Driving and Road Safety Abroad
Are you thinking about driving in another country? If so, know that road conditions, laws, and driving norms in other countries can be very different from those in the United States. Poor road maintenance, lack of signs, vehicle safety, and insurance coverage are just some things you should consider. And, remember to buckle up, no matter where you are.
Read about road safety in your destination country before you go and keep these things in mind when planning your trip:
- Potential hazards and dangerous road conditions
- Local roads or areas to avoid
- Availability of roadside assistance
- Need for spare tires, fuel and a map
- Local laws and driving culture -- Get information from the country's embassy or consulates in the United States, foreign government tourism offices, or from a car rental company in the foreign country
- Local emergency numbers
- Vehicle safety considerations, including seat belts
- Documents to carry, including any special road permits
- Insurance and driver’s license (see below)
International Driving Permits
It is illegal to drive without a valid license and insurance in most countries. You should check with the embassy of the country you plan to visit or live in to find specific driver's license requirements. Many countries do not recognize a U.S. driver's license, but most accept an International Driving Permit (IDP). IDPs may not be valid the whole time you stay abroad and may only be valid with a U.S. or local license.
You can get an IDP before you leave through these automobile associations we authorize:
In general, your U.S. auto insurance policy does NOT cover you abroad. However, it may when you drive to Canada and Mexico. Check with your insurance company before you go.
Even if your policy is valid in a particular country, it may not meet their minimum requirements. If you are under-insured, you can usually buy additional auto insurance in the United States or in your destination country.
Car rental companies overseas can usually provide auto insurance, but in some countries the required coverage is minimal. In that case, consider buying insurance coverage equal to what you carry at home.
Road Safety and Security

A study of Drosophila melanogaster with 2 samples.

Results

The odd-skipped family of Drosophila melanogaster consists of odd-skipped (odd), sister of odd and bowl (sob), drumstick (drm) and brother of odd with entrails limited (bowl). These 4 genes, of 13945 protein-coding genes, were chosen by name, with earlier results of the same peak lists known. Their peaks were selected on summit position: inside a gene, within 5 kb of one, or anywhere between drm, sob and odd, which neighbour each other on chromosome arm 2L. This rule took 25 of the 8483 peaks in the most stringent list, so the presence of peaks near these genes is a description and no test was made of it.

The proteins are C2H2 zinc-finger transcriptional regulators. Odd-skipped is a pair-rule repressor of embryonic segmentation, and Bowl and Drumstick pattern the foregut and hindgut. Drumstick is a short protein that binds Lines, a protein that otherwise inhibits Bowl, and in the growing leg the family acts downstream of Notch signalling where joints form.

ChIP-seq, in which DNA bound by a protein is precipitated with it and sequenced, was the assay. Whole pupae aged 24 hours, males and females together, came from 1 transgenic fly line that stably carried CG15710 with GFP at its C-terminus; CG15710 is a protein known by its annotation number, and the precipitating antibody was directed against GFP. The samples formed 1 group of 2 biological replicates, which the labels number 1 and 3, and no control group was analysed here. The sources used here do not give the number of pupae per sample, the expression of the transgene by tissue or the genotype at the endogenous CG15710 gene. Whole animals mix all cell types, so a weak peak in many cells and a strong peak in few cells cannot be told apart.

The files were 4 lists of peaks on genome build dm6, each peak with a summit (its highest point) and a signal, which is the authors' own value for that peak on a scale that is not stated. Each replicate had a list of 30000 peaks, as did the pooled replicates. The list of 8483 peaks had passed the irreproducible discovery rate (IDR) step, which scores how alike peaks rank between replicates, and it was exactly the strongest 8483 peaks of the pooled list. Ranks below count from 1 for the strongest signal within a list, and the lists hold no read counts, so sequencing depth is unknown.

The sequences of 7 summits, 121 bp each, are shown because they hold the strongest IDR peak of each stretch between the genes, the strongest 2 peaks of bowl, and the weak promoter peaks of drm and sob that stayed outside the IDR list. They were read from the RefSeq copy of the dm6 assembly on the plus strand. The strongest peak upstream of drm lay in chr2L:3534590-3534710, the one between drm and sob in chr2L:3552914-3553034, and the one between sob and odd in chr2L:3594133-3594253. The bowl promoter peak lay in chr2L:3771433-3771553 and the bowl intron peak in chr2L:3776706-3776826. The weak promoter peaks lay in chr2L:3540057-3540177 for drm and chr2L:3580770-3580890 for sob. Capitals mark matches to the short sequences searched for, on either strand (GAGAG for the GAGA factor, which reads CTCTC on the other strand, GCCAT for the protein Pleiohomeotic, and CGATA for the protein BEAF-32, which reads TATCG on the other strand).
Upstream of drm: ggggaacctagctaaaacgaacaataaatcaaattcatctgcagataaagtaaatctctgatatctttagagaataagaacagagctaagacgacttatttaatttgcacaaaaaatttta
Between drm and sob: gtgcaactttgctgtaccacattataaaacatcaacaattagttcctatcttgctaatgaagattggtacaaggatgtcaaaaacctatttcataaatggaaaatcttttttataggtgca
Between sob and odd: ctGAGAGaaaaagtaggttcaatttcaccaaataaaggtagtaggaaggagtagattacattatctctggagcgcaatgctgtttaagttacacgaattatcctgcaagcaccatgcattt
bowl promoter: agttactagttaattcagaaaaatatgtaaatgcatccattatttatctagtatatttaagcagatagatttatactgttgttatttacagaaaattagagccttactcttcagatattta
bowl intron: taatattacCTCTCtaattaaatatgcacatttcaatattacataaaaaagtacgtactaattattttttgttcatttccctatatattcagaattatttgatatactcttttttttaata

The Overseas Security Advisory Council provides information about personal security and safety while traveling abroad.
- Carjacking - Don't be a victim
- Personal Security - At Home, On the Street, While Traveling
In addition, the Association for Safe International Road Travel (ASIRT) provides information for U.S. families and business travelers about driving overseas.
Reporting and Resources on International Road Safety
- United Nations Road Safety Collaboration
- U.S. Department of Transportation, Federal Highway Administration, International Programs
U.S. Government Links
- Department of Transportation
- National Highway Traffic Safety Administration (NHTSA)
- Federal Highway Administration
- National Transportation Safety Board
- Research and Innovative Technology Administration (RITA) - Bureau of Transportation Statistics (BTS)
Road Safety Statistics / Databases / Resources
- Organization for Economic Cooperation and Development (OECD)
- International Road Traffic and Accident Database (IRTAD)
- United Nations Economic Commission for Europe (UNECE) - Transport Division: Road Safety Forum
- European Commission Road Safety
- Bureau of Transportation Statistics, Africa Road Safety Review
- United Nations Economic Social Commission for Asia and the Pacific – Road Accident Statistics and Road Safety
- International Road Federation
- Global Road Safety Partnership
Learn About Your Destination
Familiarize yourself with local conditions and laws: While in a foreign country, you are subject to its laws. Check out our country-specific safety and travel information about the places you will visit.